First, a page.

Oh no, she’s at it again. For some years now the neuroscientist Baroness Susan Greenfield has been claiming that over-use of the internet will rewire our minds, and especially will damage those of small children.

“We know how small babies need constant reassurance that they exist,” she warns. “My fear is that these technologies are infantilising the brain into the state of small children who are attracted by buzzing noises and bright lights, who have a small attention span and who live for the moment.”

In April, in a piece for the Daily Mail, she declared that “human identity could be facing an unprecedented crisis” because of the threat of new technologies and earlier this summer she claimed during a House of Lords debate that exposure to computer games, instant messaging, chat rooms and social networking sites could leave a generation with denuded attention spans.

Now she’s come up with a new killer theory. Writing last month in New Scientist, she suggested that there is a link between internet usage and autism – much to the fury of scientists like Dr Dorothy Bishop, an Oxford professor of neuropsychology, who described her outburst as “illogical garbage”, unsupported by any evidence.

This is hardly a surprise given that none of her previous pronouncements have been backed by credible empirical findings. This has been pointed out more than once, but for a respected scientist Baroness Greenfield seems inexplicably impervious to this criticism. For example, she reacted with astonishing insouciance when Ben Goldacre, in his Bad Science column in the Guardian, wondered why Greenfield had offered no evidence for her assertions. “Baroness Greenfield’s response to my concerns, and my suggestion that she should write up her concerns about computers damaging children’s brains formally,” he later wrote, “has been to say that I am like the people who denied that smoking caused cancer.”

Greenfield, who has so far demonstrated little appetite for researching this subject, is unlikely to be impressed by the work of my own colleague at the University of Westminster, Professor David Gauntlett. He led a BBC-sponsored study of how young children respond to the digital world, based on the interactions between primary school children and a closed virtual environment, Adventure Rock. “Our study found that children could use digital tools imaginatively and well, and I have no evidence that children’s brains are being rewired,” Gauntlett told me. “But to be fair, I don’t think Susan Greenfield has got any evidence of that either.” His criticism is not of the internet itself, but of the designers of these games “who often failed to provide children with the kinds of tools which would really encourage and enable creativity.”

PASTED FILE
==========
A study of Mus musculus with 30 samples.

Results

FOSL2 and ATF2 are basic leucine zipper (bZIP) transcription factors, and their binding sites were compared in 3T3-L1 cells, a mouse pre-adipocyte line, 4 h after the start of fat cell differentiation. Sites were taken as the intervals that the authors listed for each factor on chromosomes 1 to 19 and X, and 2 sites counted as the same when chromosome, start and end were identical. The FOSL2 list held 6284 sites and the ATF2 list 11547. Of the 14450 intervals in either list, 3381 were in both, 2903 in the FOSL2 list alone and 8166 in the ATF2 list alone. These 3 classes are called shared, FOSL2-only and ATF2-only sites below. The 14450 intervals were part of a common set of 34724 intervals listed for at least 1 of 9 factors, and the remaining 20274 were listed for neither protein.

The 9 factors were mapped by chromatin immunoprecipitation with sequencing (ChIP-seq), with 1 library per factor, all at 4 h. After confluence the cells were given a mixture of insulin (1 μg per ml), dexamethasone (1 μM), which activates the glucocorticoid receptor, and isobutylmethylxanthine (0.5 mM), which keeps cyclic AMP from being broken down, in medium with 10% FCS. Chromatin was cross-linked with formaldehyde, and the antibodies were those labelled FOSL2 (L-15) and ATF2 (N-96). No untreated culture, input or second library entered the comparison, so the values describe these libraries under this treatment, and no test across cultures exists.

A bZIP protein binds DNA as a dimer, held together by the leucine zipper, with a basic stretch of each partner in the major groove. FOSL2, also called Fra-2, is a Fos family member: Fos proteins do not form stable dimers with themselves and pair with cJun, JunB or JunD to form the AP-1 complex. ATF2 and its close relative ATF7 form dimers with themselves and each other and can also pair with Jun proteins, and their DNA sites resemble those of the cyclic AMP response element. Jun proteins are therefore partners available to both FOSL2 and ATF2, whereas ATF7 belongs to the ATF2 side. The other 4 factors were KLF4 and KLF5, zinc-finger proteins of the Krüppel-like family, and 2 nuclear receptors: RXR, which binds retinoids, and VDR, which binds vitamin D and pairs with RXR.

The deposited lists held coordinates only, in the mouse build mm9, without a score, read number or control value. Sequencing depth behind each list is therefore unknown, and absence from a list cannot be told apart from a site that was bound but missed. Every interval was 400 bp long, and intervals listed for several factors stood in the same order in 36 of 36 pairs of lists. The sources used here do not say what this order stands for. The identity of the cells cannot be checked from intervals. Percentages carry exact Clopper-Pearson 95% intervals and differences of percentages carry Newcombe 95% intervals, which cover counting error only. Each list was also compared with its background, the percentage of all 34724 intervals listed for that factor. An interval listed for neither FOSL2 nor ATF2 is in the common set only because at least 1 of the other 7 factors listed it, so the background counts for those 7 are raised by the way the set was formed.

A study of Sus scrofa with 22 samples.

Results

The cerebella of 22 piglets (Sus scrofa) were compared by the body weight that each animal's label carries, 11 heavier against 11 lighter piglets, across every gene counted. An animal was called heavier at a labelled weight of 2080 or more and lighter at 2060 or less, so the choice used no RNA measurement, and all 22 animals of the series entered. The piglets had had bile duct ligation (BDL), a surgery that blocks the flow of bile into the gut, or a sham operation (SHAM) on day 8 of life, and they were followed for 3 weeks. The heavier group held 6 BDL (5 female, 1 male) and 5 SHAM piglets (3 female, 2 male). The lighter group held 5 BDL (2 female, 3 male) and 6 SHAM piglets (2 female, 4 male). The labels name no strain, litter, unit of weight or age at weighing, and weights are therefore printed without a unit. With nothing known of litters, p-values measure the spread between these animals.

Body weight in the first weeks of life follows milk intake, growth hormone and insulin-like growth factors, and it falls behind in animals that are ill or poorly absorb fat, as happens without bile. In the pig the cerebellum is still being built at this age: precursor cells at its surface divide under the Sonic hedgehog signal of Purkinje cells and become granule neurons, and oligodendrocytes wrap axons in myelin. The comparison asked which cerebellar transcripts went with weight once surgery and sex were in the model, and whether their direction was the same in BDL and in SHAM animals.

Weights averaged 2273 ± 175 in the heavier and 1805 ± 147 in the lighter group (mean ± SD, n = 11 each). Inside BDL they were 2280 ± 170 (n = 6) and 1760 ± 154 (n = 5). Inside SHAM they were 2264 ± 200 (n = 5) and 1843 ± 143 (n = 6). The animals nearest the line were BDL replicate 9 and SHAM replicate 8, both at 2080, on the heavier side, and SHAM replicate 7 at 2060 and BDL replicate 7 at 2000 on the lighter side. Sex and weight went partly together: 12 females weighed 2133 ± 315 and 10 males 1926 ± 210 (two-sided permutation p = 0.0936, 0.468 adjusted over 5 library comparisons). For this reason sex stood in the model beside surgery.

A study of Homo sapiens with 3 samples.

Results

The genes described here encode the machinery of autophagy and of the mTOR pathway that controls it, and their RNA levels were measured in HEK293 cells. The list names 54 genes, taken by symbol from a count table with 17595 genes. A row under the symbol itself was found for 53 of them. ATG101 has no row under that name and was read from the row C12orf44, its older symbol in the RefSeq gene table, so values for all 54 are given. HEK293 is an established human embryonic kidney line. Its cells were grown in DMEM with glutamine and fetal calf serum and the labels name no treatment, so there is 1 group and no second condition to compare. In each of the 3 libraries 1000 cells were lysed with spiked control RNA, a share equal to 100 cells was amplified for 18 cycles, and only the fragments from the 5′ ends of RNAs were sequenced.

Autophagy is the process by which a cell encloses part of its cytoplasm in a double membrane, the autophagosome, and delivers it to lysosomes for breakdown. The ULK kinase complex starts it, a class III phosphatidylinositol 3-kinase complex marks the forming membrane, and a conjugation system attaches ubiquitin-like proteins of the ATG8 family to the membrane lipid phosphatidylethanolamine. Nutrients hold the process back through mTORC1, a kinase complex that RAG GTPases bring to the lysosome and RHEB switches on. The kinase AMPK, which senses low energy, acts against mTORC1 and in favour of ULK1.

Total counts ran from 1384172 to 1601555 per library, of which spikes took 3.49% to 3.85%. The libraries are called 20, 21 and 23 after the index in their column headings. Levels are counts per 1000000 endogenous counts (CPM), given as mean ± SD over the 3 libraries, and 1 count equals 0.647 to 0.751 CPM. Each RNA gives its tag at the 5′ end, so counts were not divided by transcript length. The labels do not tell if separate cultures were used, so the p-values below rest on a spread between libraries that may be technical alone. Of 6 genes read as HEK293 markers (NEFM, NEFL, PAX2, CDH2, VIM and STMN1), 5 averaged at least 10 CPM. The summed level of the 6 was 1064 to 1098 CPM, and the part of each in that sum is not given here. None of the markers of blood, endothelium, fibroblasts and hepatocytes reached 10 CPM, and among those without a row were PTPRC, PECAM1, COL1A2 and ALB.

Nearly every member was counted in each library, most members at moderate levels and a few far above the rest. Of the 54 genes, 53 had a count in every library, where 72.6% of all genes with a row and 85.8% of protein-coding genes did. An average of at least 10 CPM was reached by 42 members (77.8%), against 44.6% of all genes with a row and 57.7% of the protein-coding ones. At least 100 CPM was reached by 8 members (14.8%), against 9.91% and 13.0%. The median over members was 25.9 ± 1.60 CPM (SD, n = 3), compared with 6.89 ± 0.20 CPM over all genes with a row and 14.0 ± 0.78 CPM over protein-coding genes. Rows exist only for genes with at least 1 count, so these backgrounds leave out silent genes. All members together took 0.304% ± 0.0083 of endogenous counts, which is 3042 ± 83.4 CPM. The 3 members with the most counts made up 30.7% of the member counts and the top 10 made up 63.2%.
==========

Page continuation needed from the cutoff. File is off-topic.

And now a new study by three leading economists confirms not only that digital networking does no harm – but that it can have real social benefits. Presenting their work to a gathering of Nobel-prize winners, Stefan Bauernschuster, Oliver Falck and Ludger Woessmann of the Ifo Institute in Munich found that use of the internet increased children’s out-of-school activities, as well as extending friendships.

It seems unlikely, though, that these findings will make much difference to Greenfield’s beliefs. Rather than seeking any counter-evidence to strengthen her claims, she’s now writing a novel, inspired by her obsession with the looming dangers of new technologies. She claims her novel will not be a “bodice-ripper”, but I wouldn’t bet on it. Her hero is a dashing 22nd-century neuroscientist fighting the cyber wars, and with three women in his life.

Three women? Even one would be dangerous, according to the psychologist Susan Quilliam. Writing in the Journal of Family Planning and Reproductive Health Care, she blames romantic novels for “unprotected sex, unwanted pregnancies, unrealistic sexual expectations and relationship breakdowns”.

Her comments follow the claims of Christian psychologist Dr Juli Slattery that romance novels can “dangerously unbalance” their readers. Writing on KSL.com, a news website owned by the Church of Jesus Christ of Latter-Day Saints, she said she was seeing “more and more women who are clinically addicted to romantic books”, and that “for many women, these novels really do promote dissatisfaction with their real relationships.”

This theory is not only eccentric – it’s downright insulting. Where’s the evidence for the absurd assumption that women can’t tell the difference between fact and fiction? No doubt the Qulliams and Slatterys might argue, rather as Greenfield did when her views on cyberspace were challenged, that deniers of such an obvious cause and effect are as bad as those who wouldn’t admit that smoking causes cancer. And this comparison does leave Greenfield floundering in something of a paradox. By writing a novel intended to warn against one terrible danger to our brains, she may well be contributing to an even more potent threat to civilisation.